Alkene Hydroacylation with Triple Catalysis

Alkene Hydroacylation with Triple Catalysis

Author: Sarah Maier

Hydroacylation reactions can be used for the synthesis of ketones from alkenes. This approach is useful due to the good availability of substituted alkenes. Linear hydroacylation products are easily accessible via the addition of a ketyl radical to an alkene. However, this method cannot be used for the synthesis of branched addition products, because in this case, an unstable primary carbon radical would need to be formed as an intermediate.

Yi Wang, Nanjing University, China, and colleagues have developed a hydroacylation protocol that gives branched ketones (pictured above). The team used a combination of a cobalt catalyst, an N-heterocyclic carbene (NHC) catalyst, and an iridium photoredox catalyst (catalysts/precursors pictured below). The procedure was optimized for the reaction of 4-tert-butyl styrene and benzoyl fluoride, which gave 91 % yield of the target product with exclusive Markovnikov selectivity. In addition to the catalysts, phenylsilane was added as a hydrogen source, and K2HPO4 was used as a base.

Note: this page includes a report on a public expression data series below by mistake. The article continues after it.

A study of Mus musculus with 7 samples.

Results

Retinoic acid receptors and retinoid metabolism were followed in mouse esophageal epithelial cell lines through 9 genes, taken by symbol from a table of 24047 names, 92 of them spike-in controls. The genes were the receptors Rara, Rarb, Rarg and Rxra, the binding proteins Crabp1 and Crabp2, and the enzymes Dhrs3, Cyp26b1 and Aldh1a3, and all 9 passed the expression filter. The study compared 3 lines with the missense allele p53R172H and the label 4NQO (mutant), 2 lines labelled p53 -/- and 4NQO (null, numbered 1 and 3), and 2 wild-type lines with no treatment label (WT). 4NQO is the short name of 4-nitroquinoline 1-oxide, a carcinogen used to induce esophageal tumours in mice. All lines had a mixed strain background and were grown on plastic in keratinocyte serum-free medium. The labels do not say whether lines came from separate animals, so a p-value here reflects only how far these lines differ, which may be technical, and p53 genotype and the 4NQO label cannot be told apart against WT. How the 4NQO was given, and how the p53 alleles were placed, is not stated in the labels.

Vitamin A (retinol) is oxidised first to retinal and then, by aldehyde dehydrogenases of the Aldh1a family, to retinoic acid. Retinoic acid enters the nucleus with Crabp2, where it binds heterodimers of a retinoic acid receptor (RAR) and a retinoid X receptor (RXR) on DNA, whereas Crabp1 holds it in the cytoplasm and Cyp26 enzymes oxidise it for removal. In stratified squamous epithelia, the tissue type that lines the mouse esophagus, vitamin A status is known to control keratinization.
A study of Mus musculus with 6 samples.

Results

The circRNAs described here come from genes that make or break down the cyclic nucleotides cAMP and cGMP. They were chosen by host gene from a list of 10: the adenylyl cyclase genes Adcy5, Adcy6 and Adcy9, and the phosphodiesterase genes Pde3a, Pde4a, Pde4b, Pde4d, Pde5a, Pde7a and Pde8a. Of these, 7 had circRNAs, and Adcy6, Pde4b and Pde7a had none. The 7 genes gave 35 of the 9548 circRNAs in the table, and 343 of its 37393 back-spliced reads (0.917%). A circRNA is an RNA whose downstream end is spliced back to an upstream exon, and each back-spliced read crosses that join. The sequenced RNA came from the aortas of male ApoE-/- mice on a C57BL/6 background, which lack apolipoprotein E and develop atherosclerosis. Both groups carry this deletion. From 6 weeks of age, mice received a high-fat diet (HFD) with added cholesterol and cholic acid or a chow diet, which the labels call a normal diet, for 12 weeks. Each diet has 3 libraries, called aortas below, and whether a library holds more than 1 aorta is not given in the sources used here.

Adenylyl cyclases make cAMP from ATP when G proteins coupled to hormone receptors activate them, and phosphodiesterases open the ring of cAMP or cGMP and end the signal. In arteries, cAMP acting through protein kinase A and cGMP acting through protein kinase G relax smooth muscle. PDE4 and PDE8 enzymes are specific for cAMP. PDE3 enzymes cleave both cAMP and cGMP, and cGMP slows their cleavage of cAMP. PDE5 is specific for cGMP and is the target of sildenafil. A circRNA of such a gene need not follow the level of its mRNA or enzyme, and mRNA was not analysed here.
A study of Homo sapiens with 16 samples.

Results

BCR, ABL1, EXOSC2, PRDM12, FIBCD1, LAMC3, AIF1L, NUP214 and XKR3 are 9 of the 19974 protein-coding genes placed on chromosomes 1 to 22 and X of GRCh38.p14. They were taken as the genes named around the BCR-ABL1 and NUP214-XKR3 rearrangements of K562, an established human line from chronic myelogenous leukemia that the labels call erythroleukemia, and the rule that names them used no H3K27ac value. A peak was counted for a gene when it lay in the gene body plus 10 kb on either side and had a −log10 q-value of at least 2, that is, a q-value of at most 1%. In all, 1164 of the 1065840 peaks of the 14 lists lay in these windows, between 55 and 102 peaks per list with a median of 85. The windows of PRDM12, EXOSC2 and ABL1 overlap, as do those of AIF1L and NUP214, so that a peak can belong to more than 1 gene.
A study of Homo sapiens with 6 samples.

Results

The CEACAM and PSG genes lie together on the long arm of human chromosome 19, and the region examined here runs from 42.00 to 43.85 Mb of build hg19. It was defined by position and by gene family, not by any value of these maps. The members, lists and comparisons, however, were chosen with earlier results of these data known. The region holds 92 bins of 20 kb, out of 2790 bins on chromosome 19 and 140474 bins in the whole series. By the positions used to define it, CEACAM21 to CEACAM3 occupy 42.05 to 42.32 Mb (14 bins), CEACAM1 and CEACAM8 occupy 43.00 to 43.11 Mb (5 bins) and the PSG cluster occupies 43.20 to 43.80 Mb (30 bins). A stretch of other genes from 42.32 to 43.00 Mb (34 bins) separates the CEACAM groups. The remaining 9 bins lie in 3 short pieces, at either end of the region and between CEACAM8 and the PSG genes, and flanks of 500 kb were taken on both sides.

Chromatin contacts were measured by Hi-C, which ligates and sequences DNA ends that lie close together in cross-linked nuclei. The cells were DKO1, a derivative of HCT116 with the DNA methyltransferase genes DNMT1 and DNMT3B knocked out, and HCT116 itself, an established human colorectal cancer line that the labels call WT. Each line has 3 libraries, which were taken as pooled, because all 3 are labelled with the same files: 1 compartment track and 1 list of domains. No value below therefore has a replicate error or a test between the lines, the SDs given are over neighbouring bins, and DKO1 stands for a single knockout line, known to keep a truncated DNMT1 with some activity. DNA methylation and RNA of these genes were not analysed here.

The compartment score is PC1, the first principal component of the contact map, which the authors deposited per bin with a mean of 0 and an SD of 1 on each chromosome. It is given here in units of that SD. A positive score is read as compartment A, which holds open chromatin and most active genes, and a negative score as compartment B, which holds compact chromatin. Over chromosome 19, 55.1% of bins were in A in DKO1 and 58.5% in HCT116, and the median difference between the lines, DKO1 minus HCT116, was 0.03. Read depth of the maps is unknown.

Upon irradiation with blue LED light, the Ir catalyst oxidizes the cobalt precatalyst to a Co(III) species, which reacts with phenylsilane to give a cobalt hydride species. The hydrogen atom is then transferred to the alkene, yielding a radical and regenerating the Co(II) catalyst. The NHC catalyst activates the acyl fluoride, which is then reduced by the Ir catalyst, giving a ketyl radical and regenerating the Ir(III) catalyst. The two radicals combine to form the target product.

The reaction is compatible with a wide range of different para-substituents at the styrene reaction partner. For ortho-substituted and heterocyclic styrenes, yields were lower. For the acyl fluorides, various substituents were tolerated, but compounds with heteroaryl substituents led to lower yields. The reaction was successfully applied to complex natural products and pharmaceutically active molecules.